I was trying to nail down what sort of world I wanted my current game project to present to players. In my previous game engine project, Revolude, the terrain was a simple heightmap and a static ROAM type algorithm was used to perform a simple polygon reduction before dumping each terrain chunk to a display list consisting of triangle strips and fans.

Revolude, with some pseudo-trees and buildings, and some missiles hitting the ground. |

I was just about to opt for creating a much more involved version of this same type of terrain when I had a stroke of ingenuity. The algorithm is logically very simple, and produces the equivalent output of what I would like to call the dual of a cubrille mesh. In other words, it takes a Minecraft-esque type mesh and converts every face into a single point, and each point into a triangle. The dual of a cube is an octahedron, and the algorithm I wanted to create essentially produced an octahedral mesh from a voxel volume.

A cube, and its 'dual' - an octahedron. Notice how each of the six cube corners becomes a single triangle, and each cube face is collapsed into its center point. |

From an outside standpoint, this really seems very simple to do. One approach could be to first generate a simple boxy cube mesh, and then try to brute force convert it into its dual, an octahedral mesh. This became an appealing option after only a while, but I only approach problems with the intent of devising a novel solution, so that was out of the question.

Ideally, I was hoping to create an algorithm in some way similar to marching cubes - where each cube was inspected along with its neighbors to produce geometry. Something that achieved the desired output through such an immediate method was the goal. This approach, however, became much more involved than I had initially believed it could be.

The end product works in multiple passes, on the volume as a whole. The first pass examines 8 voxels at a time, determining whether vertices should be placed, and where. The second pass connects vertices to form edges. Edges can only exist between vertices where the dot product of their normals is greater than or equal to zero. So, vertices must either be facing in the same direction, or up to 90 degrees apart. The third pass involves detecting triangles formed by edges. This is done by searching for 'complement' edges for each vertex, where two edges connected to the vertex are connected to a third edge.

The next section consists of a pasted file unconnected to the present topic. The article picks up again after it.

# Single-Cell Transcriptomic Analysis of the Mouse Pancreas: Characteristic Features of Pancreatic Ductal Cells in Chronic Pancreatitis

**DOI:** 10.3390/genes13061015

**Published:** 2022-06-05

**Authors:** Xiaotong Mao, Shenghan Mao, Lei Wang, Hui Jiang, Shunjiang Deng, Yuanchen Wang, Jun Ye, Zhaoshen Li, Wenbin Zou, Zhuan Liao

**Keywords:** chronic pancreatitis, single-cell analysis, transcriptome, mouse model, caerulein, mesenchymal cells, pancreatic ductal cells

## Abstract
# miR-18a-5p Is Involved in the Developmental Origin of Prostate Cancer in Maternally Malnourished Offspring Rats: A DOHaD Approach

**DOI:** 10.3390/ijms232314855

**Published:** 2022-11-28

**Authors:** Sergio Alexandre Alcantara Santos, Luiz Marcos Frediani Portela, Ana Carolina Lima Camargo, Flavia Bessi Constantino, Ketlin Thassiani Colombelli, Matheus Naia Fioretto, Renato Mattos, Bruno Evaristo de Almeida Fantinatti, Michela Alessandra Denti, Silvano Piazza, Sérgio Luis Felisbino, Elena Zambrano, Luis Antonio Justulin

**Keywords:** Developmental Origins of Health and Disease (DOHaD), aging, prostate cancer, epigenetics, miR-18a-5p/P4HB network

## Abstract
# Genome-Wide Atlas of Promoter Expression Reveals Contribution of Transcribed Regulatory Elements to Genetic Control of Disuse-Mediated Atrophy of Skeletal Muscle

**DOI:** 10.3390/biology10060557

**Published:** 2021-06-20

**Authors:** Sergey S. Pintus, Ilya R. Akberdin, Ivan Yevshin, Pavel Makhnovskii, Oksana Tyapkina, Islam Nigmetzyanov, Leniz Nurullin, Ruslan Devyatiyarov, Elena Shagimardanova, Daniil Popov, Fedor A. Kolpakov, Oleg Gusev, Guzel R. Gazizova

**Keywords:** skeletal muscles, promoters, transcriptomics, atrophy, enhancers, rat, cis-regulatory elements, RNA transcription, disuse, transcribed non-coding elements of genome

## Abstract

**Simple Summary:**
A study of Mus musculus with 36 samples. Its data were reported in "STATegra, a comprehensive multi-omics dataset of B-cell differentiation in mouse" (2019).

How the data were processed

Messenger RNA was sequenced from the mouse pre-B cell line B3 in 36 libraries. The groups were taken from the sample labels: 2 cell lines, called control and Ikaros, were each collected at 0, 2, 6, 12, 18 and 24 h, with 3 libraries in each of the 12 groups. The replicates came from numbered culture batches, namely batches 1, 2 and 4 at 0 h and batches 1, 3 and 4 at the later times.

The last operation involves detecting all the left-over quads formed by edges, by doing a similar search to the triangle detecting pass. Instead of looking at the edges connected to a point, we look at the edges connected to an edge, and see if there is an opposite edge on the ends of its connected edges.

These operations, naively implemented, can be extremely slow. Fortunately, it is not too expensive to store extra connectivity information which is used to quickly search edges, vertices, and triangles for related geometry. The end product can then be reduced to simple vertex information and vertex indices for triangles.

Here is a quick video of the algorithm at work with an evolving volume. Forgive the choppiness of the video, my little netbook isn't very awesome. The slowest part of this demo is generating the volume itself. The next step will be to utilize a compressed data structure as the data source, as opposed to raw volume data.

The end product works in multiple passes, on the volume as a whole. The first pass examines 8 voxels at a time, determining whether vertices should be placed, and where. The second pass connects vertices to form edges. Edges can only exist between vertices where the dot product of their normals is greater than or equal to zero. So, vertices must either be facing in the same direction, or up to 90 degrees apart. The third pass involves detecting triangles formed by edges. This is done by searching for 'complement' edges for each vertex, where two edges connected to the vertex are connected to a third edge.

The last operation involves detecting all the left-over quads formed by edges, by doing a similar search to the triangle detecting pass. Instead of looking at the edges connected to a point, we look at the edges connected to an edge, and see if there is an opposite edge on the ends of its connected edges.

These operations, naively implemented, can be extremely slow. Fortunately, it is not too expensive to store extra connectivity information which is used to quickly search edges, vertices, and triangles for related geometry. The end product can then be reduced to simple vertex information and vertex indices for triangles.

Here is a quick video of the algorithm at work with an evolving volume. Forgive the choppiness of the video, my little netbook isn't very awesome. The slowest part of this demo is generating the volume itself. The next step will be to utilize a compressed data structure as the data source, as opposed to raw volume data.